Troubleshooting – Modem Upstream
This is less of a “How to get my modem upstream lower” article as we all know the less splits from the tap to the modem the lower the modem upstream. Pretty basic stuff. What we are going to get into this time around is your upstream at the tap. What you expect and what you get are not always the same thing. There are a few reasons why this is and its important we all understand them.
First off, here is some quick math to approximate what your upstream should be at the tap. Tap Value + 18dbmv = Upstream. Some areas use 20dbmv, Ive always used 18 as it has always proved the most accurate. ( however I always add 20 to the tap value in my head then subtract two because until you get used to doing it, adding 18 to anything is hard head math.. for dumb people like me..) This number might vary from system to system, lets assume youve asked already or split the difference to 19 as a rough guess. Lets get right to it!
- 10v Tap + 18= 28
- 10v tap should be at 28dbmv
- 14v Tap, + 18= 32.
- 14v tap should be at 32dbmv
- 23v Tap+18= 41
- 23v tap should be at 41dbmv
So why isnt this always the case? Why when I climb up to a 7v or 10v tap would I NOT have 25 or 28dbmv? If I have 41dbmv isnt that a referral to the line department to balance the run?
“Heck, Ill leave that modem at 54dbmv and wait for the line guys to knock the upstream down from 41 to 28. The modem will be sitting right at 41dbmv when they are done!!”
There are NUMEROUS reasons why what you expect might not be there. That is why it is always best to balance your signal allocation to what is present at the tap as long as it is in spec, forward and return. Never assume and leave a customer out of spec.
Now that we have the math down, and under normal circumstances we know what to expect at any value tap, lets get a little deeper in Plant Design.
Below is a design for a random MDU in a highly concentrated area. Think of it as a home with many rooms and various needs for connections. Your going to have to split something at some point. Most MDU areas are fed with a splitter or DC from the main line. This is why, if you have ever noticed, there is a 14v or lower value tap in the lockbox.
Below you can see the key provided as to what is what. DCs are simply DCs. Just like you would use in the home. Minimal loss on the through leg, higher loss on the “down” leg. This goes for forward and return signal. The splitter functions the same as well, equal loss through both legs, forward and return. Looks busy huh?
Lets break it down…
Lets get rid of the green Pole Line behind the string of 6 unit MDUs. Let get rid of all of the plant except for the very first hop off of the amp. The DC12.
The “down” leg of the DC12 has 12db of loss on the forward and return. So do some math with this one and tell me what that 10v tap should have as an upstream.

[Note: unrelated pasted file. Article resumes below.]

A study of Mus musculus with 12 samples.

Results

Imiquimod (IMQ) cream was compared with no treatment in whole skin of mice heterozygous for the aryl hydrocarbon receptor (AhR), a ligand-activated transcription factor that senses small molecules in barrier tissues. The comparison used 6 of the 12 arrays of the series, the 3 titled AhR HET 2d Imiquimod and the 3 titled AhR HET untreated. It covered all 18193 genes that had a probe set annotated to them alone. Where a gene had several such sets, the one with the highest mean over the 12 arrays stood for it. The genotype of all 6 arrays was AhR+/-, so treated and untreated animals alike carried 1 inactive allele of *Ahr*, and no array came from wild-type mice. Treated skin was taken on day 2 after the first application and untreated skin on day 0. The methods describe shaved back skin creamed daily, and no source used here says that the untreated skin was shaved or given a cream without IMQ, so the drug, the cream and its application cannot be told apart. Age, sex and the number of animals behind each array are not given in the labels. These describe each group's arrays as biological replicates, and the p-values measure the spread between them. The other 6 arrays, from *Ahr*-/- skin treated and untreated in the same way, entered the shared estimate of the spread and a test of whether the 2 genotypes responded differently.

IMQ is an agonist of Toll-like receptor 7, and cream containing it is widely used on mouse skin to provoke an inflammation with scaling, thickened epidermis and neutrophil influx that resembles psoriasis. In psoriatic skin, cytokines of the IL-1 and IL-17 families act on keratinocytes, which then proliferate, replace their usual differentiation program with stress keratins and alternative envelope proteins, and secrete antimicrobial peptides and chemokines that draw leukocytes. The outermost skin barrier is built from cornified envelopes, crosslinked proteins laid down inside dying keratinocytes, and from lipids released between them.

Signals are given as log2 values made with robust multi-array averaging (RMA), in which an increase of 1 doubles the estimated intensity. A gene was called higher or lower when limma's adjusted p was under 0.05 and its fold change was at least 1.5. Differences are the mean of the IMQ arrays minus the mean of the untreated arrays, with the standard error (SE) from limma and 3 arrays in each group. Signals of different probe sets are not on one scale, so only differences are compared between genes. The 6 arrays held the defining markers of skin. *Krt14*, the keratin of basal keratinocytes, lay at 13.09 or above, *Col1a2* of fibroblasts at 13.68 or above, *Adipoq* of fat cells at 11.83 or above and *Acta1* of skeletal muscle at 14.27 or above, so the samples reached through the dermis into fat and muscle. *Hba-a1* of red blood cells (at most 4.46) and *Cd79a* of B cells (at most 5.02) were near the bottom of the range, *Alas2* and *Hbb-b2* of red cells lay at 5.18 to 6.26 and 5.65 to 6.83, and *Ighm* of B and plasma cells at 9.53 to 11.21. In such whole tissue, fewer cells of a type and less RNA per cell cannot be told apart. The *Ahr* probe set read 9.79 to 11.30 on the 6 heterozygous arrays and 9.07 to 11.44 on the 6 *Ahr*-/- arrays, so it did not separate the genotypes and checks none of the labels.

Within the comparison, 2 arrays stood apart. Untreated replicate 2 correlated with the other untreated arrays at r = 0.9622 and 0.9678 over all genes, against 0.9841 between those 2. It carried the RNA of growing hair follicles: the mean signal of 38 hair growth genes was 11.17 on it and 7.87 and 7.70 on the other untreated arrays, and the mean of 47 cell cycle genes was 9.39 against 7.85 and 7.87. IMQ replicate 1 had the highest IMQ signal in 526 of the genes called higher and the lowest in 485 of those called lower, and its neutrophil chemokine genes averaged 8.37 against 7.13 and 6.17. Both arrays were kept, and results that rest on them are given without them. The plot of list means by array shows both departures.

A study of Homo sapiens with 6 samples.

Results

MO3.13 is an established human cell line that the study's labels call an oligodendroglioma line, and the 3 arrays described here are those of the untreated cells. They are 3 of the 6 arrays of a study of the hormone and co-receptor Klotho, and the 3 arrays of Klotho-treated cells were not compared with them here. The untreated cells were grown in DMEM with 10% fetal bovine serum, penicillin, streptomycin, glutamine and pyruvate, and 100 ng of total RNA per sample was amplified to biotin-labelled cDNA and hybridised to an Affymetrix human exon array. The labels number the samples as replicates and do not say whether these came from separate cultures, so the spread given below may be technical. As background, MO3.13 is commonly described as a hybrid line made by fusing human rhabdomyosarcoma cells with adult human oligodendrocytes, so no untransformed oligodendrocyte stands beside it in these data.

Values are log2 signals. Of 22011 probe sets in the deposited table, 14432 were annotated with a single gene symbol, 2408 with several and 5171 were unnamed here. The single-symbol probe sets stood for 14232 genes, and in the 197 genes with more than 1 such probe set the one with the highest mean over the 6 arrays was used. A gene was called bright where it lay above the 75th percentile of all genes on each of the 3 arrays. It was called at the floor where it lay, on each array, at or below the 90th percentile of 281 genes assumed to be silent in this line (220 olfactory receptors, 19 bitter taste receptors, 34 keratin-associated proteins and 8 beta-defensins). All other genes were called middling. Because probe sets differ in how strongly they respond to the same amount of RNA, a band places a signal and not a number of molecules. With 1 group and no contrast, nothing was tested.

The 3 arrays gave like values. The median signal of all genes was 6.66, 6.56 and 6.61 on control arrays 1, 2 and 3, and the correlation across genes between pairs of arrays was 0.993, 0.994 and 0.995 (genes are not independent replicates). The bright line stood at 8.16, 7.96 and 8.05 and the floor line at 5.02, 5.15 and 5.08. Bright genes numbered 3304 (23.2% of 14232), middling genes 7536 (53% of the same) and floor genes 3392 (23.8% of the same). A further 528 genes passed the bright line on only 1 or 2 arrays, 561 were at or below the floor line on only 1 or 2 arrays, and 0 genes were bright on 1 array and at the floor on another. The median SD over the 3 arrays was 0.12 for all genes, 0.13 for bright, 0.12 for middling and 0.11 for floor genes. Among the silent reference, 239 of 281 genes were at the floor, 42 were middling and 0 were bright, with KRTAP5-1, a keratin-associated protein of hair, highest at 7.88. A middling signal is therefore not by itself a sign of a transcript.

10+18=28. But add in the 12db from the DC12 and your upstream at that 10v tap is 40dbmv. That was quick? I thought I would have 28 no matter what? Hmmm.. I guess that is why I have a 10v tap coming fight off of an amp than.
The through leg continue on as we have MANY MORE 10v taps to hit. Lets see how our math works out down this run?
Ok, this looks a little more reasonable, a DC7!! Now Ill get some headroom for my upstream. Quick math time-
10+18= 28 Now add in only 7db for my DC7. 35dbmv. Higher then you expected but plenty to work with.
But wait.. what is that little red Circle with the yellow legs? Its a 2-way splitter according to the legend. Crap. Add in another 4db of return and forward loss. Now Im at 39dbmv. Luckily, further upstream, Im going through the through leg of that DC12. I might as well add in 1db for insertion loss. Back at 40db.
Well, thats about three 10v taps in a row that all got synch at 40dbmv? Lets look at some more of this run.
No we continue on and hit a 20v tap which hits another DC9.
The Down leg of that DC9 feeds a 10v tap directly, the through leg feeds another 2way. You can do the math from here on in. The upstream at these two taps are a little lower but still higher then your expected upstream. Reference the first print and see if you can figure out the rest of the upstreams!
This is a pretty good example of why, given adequate signal at the tap, forward and return, we allocate with what we have. Upstream is very important these days with the bandwidth intensive products we are rolling out and the sensitivity of Docsis 3.0 and whatever is to follow. And now that you know a little bit about upstream and how much thought goes into system design it might be clear why your local maintenance guy cant just “Swap that tap out with a lower value?!!” or “Change that DC12 to a DC 7!!” There is generally a delicate balance to each and every plant run. Knowing this- can anyone tell me what is wrong with the Amp and Tap set up in the very first Field picture of this article?
If you have any comments, questions or corrections please drop them in the Article Comment section or better yet, start or join a discussion in the Tech forum?!